GIULIANI: White House tours, letting illegal immigrant criminals go free or threatening that, that's absurd.
And I think the president is, as you said before, marginalizing himself. He is proving that he is not a president. He is a candidate. He can't get out of being a candidate.
CAVUTO: But he is going to have dinner -- I guess weather notwithstanding, he's supposed to have dinner with Republican leaders tonight.
GIULIANI: Right, then tomorrow probably go give a speech bashing them.
CAVUTO: Well, but I'm saying he is sort of, you know, olive branch and then a stick to poke you.
GIULIANI: It's not working.
GIULIANI: This particular time, he didn't roll the Republicans. That whole four-week thing was to try to get the Republicans to cave in on the sequester.
GIULIANI: The way to some extent they caved in on the fiscal cliff. Right? That kind of worked. But he had just been elected. They hadn't gotten their act together yet.
But Republicans were Rockford granite on this. They didn't buy any of this garbage. They were not snowed by him. They stood their ground. They said if you are not going to significantly reduce spending, if you are not going to present us with some alternatives that get us to that $85 billion because we at a minimum have to do that, we are just going to say no.
And I think Republicans came out of this looking much, much better than they have in quite some time.
CAVUTO: Now, that's a big leap thing, saying Republicans have their mojo back.
But do you think, from having to accept and swallow tax increases at the beginning of the year, that that was their sort of Waterloo, they said, all right, that -- we have given you what you wanted, Mr. President, the rest is on you?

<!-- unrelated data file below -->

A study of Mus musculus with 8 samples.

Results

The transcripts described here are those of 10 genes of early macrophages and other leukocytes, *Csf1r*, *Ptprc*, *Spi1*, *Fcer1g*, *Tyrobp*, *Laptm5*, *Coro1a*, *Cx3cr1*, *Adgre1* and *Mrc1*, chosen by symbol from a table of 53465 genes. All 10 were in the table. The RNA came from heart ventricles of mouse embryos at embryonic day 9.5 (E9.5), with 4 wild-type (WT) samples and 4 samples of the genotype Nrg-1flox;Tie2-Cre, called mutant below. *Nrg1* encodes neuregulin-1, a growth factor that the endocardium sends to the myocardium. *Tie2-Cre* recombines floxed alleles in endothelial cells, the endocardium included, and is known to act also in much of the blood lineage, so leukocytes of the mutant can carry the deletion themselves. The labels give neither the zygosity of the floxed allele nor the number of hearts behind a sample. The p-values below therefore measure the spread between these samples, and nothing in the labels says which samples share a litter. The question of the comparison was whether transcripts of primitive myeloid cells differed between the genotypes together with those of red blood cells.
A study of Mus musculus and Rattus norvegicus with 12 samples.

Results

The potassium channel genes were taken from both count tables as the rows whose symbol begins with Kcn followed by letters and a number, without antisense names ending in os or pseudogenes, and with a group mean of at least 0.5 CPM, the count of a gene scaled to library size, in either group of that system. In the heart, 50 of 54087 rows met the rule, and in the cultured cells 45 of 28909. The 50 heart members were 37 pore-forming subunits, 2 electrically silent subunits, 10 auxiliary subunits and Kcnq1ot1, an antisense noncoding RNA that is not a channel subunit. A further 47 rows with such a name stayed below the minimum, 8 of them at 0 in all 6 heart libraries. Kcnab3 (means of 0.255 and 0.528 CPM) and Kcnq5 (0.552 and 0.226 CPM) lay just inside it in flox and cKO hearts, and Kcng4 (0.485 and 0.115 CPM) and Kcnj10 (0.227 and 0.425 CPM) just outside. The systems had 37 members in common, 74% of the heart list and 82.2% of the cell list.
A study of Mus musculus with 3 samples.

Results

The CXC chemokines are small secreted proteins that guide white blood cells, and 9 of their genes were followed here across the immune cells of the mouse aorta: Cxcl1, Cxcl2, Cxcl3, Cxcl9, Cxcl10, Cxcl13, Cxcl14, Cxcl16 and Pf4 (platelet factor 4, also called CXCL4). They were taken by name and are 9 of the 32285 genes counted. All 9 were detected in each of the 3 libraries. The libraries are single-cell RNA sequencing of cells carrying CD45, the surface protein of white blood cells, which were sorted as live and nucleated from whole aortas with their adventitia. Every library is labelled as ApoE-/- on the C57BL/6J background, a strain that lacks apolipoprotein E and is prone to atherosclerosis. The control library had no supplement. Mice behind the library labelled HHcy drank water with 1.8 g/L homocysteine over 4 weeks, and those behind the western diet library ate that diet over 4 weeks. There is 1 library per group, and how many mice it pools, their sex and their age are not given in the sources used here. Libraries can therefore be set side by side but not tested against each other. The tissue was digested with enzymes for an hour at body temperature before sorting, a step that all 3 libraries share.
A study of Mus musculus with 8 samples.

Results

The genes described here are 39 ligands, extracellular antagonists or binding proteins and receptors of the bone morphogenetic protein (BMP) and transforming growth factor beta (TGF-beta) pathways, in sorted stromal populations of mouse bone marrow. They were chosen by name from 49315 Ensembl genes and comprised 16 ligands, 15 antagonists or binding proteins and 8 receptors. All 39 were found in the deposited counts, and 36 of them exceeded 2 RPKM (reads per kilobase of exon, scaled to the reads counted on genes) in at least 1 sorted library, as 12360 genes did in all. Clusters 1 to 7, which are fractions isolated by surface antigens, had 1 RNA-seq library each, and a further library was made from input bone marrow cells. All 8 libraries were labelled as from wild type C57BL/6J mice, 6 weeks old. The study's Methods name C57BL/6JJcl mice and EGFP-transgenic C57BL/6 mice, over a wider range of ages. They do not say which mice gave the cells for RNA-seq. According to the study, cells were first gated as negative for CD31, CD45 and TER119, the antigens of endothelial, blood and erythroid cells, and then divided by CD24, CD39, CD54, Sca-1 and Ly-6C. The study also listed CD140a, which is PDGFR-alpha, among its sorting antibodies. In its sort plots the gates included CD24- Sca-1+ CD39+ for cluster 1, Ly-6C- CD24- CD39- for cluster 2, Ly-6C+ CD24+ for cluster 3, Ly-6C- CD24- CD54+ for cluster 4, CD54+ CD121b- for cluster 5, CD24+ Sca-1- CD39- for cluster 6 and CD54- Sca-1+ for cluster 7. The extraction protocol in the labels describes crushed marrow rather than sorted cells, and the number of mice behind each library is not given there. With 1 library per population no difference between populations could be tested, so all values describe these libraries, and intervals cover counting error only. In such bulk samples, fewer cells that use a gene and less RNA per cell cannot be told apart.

GIULIANI: And now -- well, we gave you what you wanted. We gave you big revenue increases, right? Big revenue increases.
Now, you have got to give us cuts, because, you say it's a combination of revenue and cuts. Well, where are the cuts? And the reality...
CAVUTO: Because you heard Gene Sperling last week, the guy with the infamous e-mails, but who said, no, what John Boehner originally talked about with the president was a trillion dollars in tax hikes, ended up getting about $600 billion over 10 years, as you know.
So, by his math, by the administration's math, the Republicans owe another $400 billion.
GIULIANI: No, no, no, but the president was talking about $4 trillion in cuts when Boehner was talking about a trillion. It was going -- remember...
CAVUTO: Well, they have all devolved.
GIULIANI: It was going to a 3-1 or 4-1 match for every -- for a trillion dollars in revenue, there was going to be $3 trillion to $4 trillion in cuts.
I don't like raising taxes. But if you give me a 4-1 deal, that's a deal maybe I can make.
CAVUTO: You would consider.
CAVUTO: It ended up being 40-1 the other way around.
GIULIANI: Yeah. So, the president is playing games here.
And I think in the last two days, we see the big picture. The big picture is he never stopped campaigning. And now he is campaigning to try to get himself a Republican (sic) House in two years. This is all intended to try to destroy the Republican Party and get Nancy Pelosi back there, so he can raise taxes even more, so he can raise spending even more, so he can pass his very, very left-wing agenda.
CAVUTO: Well, we shall see what happens.